A dog's aggressive behavior can lead to fighting, biting, and challenges for the alpha spot in the pack hierarchy which can disrupt an entire household. Share these visitors' stories and see what tips the Dog Expert has to offer.
Dog Aggression Problems and Pack Hierarchy at Home
I have had two male dogs, one Springer Spaniel, and one mixed Border Collie/Lab, who were absolutely wonderful cuddlers, and loved to be beside, or resting partly on top of me when I was reading. I loved this affectionate aspect of these dogs. However, both developed some aggressive tendencies.
The Springer would growl at me if I tried to get him out of the car and he didn't want to go, or if I reached for his bone. He also became very nasty if I tried to get him off the bed (he usually wasn't allowed on the bed.)
The Border/Lab was always right on top of me. When we adopted him from the Humane Society at six years old, his previous family had said he was not aggressive toward dogs, nor did he seem aggressive at the Humane Society. After a few weeks of being with me, he started to get in fights with other dogs when we were on walks and he was loose. Eventually this became a big problem, and he would just attack another dog as soon as he saw it. He eventually bit a human -without provocation- and had to be put down.
Now we are looking for another dog, and my husband thinks that my cuddling these dogs so much may make them more likely to protect or dominate me and lead to aggression. Is it possible that it is my behavior that is encouraging their aggression? I adore dogs that love to cuddle, and my instinct would be to get a cuddly dog again. Is it possible that just having a female would reduce the problem?
Thank you for any help you can offer.~~Carol
I believe your husband is on the right track, but first let me express my sympathy on the loss of your beloved pet.
Dogs are pack animals, instinctively driven to band together in order to survive. The leader of any pack is called the Alpha and is the most dominant animal in the pack. The Alpha uses aggression to protect lower pack members and defend its place as leader. The rest of the pack members fall in line after the Alpha, and each dog in the group knows who is above, or dominant to him, and who is below, or submissive to him.
In human/dog relationships, the dog views us as part of his pack, and humans should naturally be the Alpha, calling the shots. Somewhere along the line, you unknowingly relinquished your place as Alpha, and your dogs began challenging you for leadership of the pack.
While it's wonderful that you had such an affectionate relationship with these dogs, more boundaries would have been helpful. A firm but fair reaction to the Springer the first time he got on the forbidden bed could have settled that issue and given you a chance to assert your rightful place as leader of the pack. Because he managed to get away with it, he took it as a sign that your leadership was open to challenge, hence more aggressive behavior on other issues like the car.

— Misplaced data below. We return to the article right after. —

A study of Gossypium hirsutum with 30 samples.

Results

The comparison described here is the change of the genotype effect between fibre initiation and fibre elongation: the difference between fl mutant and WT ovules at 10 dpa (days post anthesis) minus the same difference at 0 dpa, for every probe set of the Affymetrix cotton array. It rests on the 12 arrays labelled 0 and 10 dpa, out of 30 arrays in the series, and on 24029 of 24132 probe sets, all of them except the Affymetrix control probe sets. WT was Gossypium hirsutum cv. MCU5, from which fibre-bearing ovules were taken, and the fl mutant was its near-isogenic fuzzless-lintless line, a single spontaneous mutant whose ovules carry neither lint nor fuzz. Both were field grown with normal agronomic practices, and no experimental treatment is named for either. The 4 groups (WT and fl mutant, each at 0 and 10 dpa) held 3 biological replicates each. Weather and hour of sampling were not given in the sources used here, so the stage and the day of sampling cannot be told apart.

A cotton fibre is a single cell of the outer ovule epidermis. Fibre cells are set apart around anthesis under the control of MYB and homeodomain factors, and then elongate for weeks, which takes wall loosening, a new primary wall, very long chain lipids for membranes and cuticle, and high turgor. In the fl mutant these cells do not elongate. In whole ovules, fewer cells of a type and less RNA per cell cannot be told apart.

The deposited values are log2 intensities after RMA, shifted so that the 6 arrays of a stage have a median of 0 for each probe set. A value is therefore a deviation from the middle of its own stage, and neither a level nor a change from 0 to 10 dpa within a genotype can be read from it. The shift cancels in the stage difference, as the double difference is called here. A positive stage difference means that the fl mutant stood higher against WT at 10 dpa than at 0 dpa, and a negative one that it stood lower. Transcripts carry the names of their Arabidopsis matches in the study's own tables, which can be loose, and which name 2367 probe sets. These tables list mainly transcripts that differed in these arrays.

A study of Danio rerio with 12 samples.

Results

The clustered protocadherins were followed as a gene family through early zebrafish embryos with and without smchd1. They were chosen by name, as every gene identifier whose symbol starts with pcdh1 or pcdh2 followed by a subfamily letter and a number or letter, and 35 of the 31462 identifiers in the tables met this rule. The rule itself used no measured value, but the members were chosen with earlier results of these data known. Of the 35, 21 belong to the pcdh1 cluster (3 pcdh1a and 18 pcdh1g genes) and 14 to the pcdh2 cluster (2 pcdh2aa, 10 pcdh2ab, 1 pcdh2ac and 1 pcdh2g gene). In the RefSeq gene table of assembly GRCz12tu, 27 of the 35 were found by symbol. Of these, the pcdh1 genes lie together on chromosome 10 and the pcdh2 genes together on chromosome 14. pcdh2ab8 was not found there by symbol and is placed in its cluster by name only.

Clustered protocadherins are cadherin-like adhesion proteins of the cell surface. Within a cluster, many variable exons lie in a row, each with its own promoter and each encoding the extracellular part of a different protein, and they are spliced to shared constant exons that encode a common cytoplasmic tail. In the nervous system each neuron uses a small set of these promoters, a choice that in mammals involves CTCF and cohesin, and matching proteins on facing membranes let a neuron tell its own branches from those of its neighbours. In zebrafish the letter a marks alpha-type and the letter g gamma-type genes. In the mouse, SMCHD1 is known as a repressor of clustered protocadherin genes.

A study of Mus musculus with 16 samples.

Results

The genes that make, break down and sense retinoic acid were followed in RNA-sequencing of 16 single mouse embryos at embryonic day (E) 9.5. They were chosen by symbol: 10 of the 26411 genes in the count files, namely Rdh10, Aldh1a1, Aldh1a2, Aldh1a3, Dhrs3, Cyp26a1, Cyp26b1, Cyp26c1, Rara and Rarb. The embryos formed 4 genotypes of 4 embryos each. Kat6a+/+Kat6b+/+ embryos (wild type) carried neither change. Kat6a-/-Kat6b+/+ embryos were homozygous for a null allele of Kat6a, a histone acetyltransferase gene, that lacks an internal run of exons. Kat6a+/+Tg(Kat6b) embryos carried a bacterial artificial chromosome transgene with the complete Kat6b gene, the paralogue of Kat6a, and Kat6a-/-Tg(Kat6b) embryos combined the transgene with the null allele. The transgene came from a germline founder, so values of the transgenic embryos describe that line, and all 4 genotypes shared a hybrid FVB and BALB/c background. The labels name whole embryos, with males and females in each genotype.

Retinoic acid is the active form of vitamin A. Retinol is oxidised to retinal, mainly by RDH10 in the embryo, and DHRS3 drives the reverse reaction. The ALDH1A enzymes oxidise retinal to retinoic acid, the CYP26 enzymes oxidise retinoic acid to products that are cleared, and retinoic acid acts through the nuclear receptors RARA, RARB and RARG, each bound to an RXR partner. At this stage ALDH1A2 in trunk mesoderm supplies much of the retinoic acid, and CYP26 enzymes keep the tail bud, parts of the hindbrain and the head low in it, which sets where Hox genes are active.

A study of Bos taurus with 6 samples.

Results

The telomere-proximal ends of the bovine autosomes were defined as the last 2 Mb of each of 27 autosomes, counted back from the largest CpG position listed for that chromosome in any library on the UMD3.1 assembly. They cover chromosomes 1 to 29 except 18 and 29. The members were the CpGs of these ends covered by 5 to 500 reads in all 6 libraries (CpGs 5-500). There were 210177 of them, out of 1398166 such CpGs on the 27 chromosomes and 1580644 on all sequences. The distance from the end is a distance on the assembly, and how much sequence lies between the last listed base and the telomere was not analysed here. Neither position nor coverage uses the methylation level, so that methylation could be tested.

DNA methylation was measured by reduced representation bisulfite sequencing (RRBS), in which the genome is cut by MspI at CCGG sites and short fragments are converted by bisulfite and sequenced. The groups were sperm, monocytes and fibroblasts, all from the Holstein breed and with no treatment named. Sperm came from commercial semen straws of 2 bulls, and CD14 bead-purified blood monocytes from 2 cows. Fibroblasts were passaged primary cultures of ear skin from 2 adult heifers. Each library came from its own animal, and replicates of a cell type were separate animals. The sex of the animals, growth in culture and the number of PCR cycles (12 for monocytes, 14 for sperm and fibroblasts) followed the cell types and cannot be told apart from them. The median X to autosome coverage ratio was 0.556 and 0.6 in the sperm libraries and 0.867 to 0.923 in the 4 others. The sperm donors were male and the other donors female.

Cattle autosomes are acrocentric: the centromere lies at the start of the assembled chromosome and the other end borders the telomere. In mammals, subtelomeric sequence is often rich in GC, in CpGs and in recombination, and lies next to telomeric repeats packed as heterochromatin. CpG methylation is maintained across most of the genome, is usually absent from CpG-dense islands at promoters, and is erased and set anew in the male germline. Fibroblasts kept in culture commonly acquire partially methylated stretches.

I suspect the same basic problem with your Border Collie/Lab mix. At some point he seems to have begun viewing you as submissive to him in the pecking order, and decided you needed to be protected by him during your outings. Allowing him to run loose instead of being controlled on a leash may have reaffirmed his ideas about your pack relationship. While you can't be 100% sure about his background before you received him, no matter what you've been told, seeing the Springer's behavior may have also helped inspire his aggressive behavior.
My suggestion is to put off getting another dog and concentrate on bringing the Springer back in line. The best way to achieve this would be through obedience training. A good instructor can show you how to master your dog and regain control, once again placing you in the Alpha position. Obedience training is also fun, and doesn't require much physical effort on the owner doing the training, so it can be enjoyable for you both. A check with your local dog club or Humane Society should put you in touch with obedience training classes in your area.
I don't believe getting a female for your next dog would necessarily solve any of your issues, and may inspire your Springer to more aggression if he hasn't been neutered. Concentrate on getting him in line first, and increasing your training skills to prevent this problem from happening again in the future. Then you'll be ready to take on a second dog, confident that you will be able to remain in charge of your pack.
I hope this info has been helpful to you, and thank you for your questions. Please let me know how the situation with your Springer works out.
Why Are My Dogs Suddenly Fighting?
My dad has a Chow Chow and an Australian Blue Heeler. They are both males and have always been friendly to each other until my dad's wife brought her two dogs to live with them. Her dogs are both female Labrador Retrievers. All four dogs have all lived together for two years now, but within the last few months the Chow has begun jumping on the Australian Blue Heeler and fighting with him.
Do you know if all four dogs have been spayed/neutered? Sometimes sexual tensions will cause an outbreak of fights. If the boys aren't neutered, I'd take care of this and see if it ends the fighting.
That said, since this problem didn't begin until after the dogs had lived together for two years, the Chow's behavior change may be a sign of an underlying medical condition that hasn't yet come to light. It would be a good idea to take him in for a thorough check up. This would also give your dad a chance to discuss the sudden fighting with your vet and see what ideas he/she has about the situation.
I hope you find these suggestions useful. Thank you for your question.